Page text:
The Moon can thank its stars that India failed to get past the Kiwis on Wednesday. Or else, as is the Moon’s wont, the lunar object would have had to play second fiddle. This time to the Virat star-studded and Ravi-coached Indian cricket team. Now that the 18-run defeat has meant Taare Zameen par – as in, brought stars crashing down to earth – the country can rightly focus on the real cosmic journey.
Though something tells me a large cricket-crazy segment of India would have been more happy to land on the Lord’s balcony than on the lunar surface. After all, moon gives a very ghar waali feeling. No, not just because of the Chandamama we read in our childhood or because every second man has promised the stars and the moon to his beloved, but because every monsoon, the moon does a double role in our cities. The roads look no different from the lunar craters elevating every citizen to a potential Neil Armstrong. But negotiating the craters is not a small step for any Indian, it will take a giant leap – a corruption-free and quality-focused India – to make that possible.
But I digress.
The Indian cricket fan is just about coming to terms with the fact that Sunday at Lord’s has been replaced with Sunday (spilling on to Monday) with the Lords of the outer space. Who just like in cricket, will do a reverse countdown 5,4,3,2,1 and say “Let’s play”.
But instead of fit cricketers, a fat boy will take to the field. The GSLV Mk III, referred indulgently by ISRO scientists as `Fat Boy’ is a heavy capability launcher. It has a lift off mass of 640 tonnes, equal to the weight of 200 elephants. The Fat Boy has come good in all the spatial Yo-Yo tests done so far.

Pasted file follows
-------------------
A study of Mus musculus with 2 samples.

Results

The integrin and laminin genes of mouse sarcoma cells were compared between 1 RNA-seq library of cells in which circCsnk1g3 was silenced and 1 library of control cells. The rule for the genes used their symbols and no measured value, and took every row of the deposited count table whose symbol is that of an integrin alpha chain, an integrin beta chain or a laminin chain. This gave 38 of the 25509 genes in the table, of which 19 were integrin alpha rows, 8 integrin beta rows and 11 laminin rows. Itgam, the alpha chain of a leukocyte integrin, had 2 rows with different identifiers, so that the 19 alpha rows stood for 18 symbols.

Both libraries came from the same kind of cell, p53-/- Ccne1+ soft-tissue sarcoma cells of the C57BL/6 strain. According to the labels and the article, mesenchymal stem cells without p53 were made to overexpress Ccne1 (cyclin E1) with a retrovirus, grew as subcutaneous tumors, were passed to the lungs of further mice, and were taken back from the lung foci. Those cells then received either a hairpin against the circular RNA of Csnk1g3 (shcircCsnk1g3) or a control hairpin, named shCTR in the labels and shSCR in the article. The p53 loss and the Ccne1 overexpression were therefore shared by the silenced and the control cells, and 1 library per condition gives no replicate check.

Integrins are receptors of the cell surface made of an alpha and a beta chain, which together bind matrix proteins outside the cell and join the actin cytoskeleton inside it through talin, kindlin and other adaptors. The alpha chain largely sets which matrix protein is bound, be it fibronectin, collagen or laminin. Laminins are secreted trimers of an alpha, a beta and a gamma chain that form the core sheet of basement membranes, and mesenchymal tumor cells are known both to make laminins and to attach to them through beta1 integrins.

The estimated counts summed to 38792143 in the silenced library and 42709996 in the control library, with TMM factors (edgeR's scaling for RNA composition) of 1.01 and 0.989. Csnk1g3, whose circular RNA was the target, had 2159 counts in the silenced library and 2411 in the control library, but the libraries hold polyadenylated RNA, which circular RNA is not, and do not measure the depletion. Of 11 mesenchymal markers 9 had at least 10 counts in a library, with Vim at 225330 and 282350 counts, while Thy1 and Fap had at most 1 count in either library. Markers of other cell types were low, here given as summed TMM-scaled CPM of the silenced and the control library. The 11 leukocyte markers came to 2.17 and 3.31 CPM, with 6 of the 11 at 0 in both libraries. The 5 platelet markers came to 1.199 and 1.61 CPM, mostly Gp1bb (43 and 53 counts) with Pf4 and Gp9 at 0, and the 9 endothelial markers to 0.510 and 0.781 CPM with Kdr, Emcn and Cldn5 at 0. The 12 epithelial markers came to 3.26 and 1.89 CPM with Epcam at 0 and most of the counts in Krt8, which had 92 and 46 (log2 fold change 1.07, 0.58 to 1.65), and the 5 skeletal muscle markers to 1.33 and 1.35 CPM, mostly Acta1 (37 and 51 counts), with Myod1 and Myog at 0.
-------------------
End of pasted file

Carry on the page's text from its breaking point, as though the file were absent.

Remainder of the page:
Like the Indian cricket team that sought to get a fourth World Cup title in its cabinet (the 1983 triumph, the 2007 T20 Trophy and the 2011 ODI champions title), India too is aiming for a fourth hurrah in outer space. If Wing Commander Rakesh Sharma’s `Saare Jahan se Accha‘ aboard USSR’s Soyuz T-11 showed Indians could dream big, Chandrayaan 1 in 2008 and the Mars Orbiter Mission or Mangalyaan in 2013 were precious feathers in the cap that helped India to a seat on the high table.
India’s Test matches against the West Indies in August will mark the start of the Test championships. Likewise, Chandrayaan II will be a Test too. A test of technology and character for the spacecraft that will enter the lunar orbit only on 5 August, a good 22 days after take-off from Sriharikota. It will be the longest `Decision Pending’ sign on the big screen ever.
The real moment of reckoning after undertaking the 3.84 lakh km journey from India to the moon, will be on 6-7 September when the lander named `Vikram’ is expected to land on the earth’s satellite. That’s when India and its scientists can proudly ask the rest of the world “Howzatt”.